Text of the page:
Silkstone's 'Doc' Dobson takes his final salute
If you had asked Phill 'Doc' Dobson about his Army service, he would have said he was just doing his job, but to the wounded soldiers he tended on the battlefields of Vietnam, he was a hero.
A veteran of the famous 'Battle of Long Tan', Mr Dobson, or Corporal as he was then, looked after 23 wounded soldiers of Delta Company, 6 Royal Australian Regiment, in Australia's biggest land battle of the Vietnam War.
Mr Dobson was farewelled by family and friends in a moving service at Wacol's Centenary Gardens on Friday, with many of his surviving comrades attending the service to pay their last respects.
Joe and Katrina Dobson read a tribute to their father, saying he was their hero.
"A father is a son's first teacher and a daughter's first love, that is true," Mr Dobson said.
"He was my hero, a man who wholeheartedly and tirelessly devoted himself to the betterment of others."
A handyman at home, Joe Dobson said his father's greatest work was in crafting the lives of others.
Mr Dobson joined the Army on September 24 1962, serving until his discharge on September 23, 1968, with rank of Corporal, Temporary Sergeant.
He was posted to Vietnam with D Company of 6RAR, from June 4 1966 until April 3, 1967.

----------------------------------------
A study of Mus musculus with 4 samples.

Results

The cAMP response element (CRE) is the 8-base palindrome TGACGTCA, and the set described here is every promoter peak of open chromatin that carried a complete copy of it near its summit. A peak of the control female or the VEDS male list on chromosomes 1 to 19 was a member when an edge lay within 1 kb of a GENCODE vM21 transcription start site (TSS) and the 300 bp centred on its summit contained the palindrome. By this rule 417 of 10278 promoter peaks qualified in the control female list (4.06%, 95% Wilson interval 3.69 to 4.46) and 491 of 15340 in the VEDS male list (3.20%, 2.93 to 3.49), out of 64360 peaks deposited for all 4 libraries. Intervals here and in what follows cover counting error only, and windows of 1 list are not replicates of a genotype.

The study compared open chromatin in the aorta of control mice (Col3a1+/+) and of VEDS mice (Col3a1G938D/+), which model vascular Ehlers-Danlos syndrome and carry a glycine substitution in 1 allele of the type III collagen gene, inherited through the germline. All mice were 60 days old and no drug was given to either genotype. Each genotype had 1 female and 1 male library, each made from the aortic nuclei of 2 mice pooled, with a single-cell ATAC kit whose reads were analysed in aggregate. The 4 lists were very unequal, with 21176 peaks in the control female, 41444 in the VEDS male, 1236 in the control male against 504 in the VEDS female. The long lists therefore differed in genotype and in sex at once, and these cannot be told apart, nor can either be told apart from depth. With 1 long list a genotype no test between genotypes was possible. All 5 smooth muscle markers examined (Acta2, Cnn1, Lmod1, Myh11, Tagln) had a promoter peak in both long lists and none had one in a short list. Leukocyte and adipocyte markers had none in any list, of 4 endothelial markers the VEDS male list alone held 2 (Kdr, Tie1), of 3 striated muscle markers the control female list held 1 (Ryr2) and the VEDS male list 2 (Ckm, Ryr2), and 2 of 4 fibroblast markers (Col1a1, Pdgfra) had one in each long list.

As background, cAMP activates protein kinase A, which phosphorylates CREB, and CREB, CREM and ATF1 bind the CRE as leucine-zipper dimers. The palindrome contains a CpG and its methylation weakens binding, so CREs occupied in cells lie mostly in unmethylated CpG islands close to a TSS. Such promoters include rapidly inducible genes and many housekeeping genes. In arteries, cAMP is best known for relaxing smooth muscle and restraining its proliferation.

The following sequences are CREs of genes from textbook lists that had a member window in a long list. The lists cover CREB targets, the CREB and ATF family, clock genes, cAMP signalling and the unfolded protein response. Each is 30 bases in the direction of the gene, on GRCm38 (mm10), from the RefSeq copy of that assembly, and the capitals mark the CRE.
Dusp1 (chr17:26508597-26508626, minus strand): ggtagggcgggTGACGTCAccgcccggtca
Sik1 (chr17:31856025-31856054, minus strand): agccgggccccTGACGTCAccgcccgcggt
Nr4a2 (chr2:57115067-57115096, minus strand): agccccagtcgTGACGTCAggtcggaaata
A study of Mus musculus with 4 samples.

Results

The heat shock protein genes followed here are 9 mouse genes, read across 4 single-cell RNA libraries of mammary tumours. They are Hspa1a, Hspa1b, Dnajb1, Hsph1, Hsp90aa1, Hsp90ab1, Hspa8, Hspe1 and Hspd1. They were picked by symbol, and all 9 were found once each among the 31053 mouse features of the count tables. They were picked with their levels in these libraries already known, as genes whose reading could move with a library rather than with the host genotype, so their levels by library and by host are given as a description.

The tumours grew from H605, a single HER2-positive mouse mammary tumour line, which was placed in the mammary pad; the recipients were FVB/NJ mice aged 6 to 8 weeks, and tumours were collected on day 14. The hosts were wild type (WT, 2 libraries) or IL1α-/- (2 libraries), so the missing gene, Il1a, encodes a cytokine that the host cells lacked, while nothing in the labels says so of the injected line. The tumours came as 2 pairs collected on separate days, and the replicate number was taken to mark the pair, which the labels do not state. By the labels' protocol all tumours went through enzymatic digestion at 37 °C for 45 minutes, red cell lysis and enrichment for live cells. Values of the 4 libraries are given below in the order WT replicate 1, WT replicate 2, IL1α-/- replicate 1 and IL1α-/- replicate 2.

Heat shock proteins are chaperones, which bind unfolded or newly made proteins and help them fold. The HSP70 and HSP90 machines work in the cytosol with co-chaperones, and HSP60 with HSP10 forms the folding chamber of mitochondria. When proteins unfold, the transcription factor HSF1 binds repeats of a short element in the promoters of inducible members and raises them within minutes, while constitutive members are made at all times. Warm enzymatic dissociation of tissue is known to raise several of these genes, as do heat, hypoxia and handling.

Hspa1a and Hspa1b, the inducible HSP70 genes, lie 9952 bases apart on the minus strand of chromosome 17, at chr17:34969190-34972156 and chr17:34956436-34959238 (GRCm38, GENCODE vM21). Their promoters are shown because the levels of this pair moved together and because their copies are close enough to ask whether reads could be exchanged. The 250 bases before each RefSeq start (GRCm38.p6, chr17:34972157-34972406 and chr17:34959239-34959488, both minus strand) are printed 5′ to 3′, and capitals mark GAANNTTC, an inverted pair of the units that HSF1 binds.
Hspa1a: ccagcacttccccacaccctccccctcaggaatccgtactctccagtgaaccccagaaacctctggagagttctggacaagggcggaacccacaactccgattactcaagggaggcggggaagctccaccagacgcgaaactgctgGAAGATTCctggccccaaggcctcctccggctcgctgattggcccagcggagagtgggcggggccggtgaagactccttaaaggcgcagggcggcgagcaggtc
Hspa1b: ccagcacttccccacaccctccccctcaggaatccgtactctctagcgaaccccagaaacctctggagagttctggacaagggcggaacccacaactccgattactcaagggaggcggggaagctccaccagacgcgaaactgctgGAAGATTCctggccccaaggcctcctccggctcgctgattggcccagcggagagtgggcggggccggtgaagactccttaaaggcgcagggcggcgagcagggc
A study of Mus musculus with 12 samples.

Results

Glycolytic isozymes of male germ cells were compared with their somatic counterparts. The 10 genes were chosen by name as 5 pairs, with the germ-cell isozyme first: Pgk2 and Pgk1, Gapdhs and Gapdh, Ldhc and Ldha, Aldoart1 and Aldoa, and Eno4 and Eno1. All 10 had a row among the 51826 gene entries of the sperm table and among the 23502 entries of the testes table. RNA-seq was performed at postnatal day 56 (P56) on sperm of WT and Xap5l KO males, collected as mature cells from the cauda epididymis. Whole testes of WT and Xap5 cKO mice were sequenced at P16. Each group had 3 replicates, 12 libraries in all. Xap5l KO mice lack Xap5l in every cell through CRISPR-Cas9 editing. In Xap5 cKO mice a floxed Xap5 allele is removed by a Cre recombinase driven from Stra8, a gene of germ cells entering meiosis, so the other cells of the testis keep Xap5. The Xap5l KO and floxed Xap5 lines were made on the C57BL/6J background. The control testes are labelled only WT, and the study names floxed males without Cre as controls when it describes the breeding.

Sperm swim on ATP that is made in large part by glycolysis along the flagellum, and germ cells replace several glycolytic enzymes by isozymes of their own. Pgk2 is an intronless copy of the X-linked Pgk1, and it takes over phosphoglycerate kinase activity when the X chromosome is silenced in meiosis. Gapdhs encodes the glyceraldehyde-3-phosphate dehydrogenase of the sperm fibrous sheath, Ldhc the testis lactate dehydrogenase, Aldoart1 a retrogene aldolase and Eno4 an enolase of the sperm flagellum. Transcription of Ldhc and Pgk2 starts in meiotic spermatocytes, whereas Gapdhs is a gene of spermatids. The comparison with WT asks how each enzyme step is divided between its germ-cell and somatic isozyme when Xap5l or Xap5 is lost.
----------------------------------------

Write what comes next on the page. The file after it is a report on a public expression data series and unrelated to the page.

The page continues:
Lieutenant-Colonel Harry Smith, who served as the Major in charge of D Company in 1966, spoke of Mr Dobson's bravery in tending to wounding soldiers in the middle of the battle.
""The fire from the enemy was thousands and thousands of tracer rounds coming at us and going over my head and back over the aid post area," he said.
"Unless we had the medical orderlies, the wounded wouldn't have survived. He was a wonderful, quiet, humble man, and not only at Long Tan."
Other veterans shared their memories of Mr Dobson with the QT.
Platoon commander Geoff Kendall said Mr Dobson continued to care for he wounded after the battle.
"He was going to all the unconscious men, and putting a safety clip between their lip and their tongue, to stop them swallowing their tongue," Mr Kendall said.
"He was treating the wounded as rounds were still flying, it was almost certain death to stand up."
Russ Smith summed up his friend as being 'a great guy'.
John Heslewood said they all met when the new recruits arrived in December 1965.
"He was already there, he was a professional soldier, we formed D Company and trained for nine months, he trained us all in medical basics, we all had to know a bit about it." he said.
"He was the Company Medical Officer, he was always there to help, he always had a laugh and a smile, he was a great mate.
"I have no doubt he saved a lot of lives in that 12 months."
Corporal Phillip Ness Dobson was born in Carlton, Victoria on May 25, 1941, and passed away on July 10.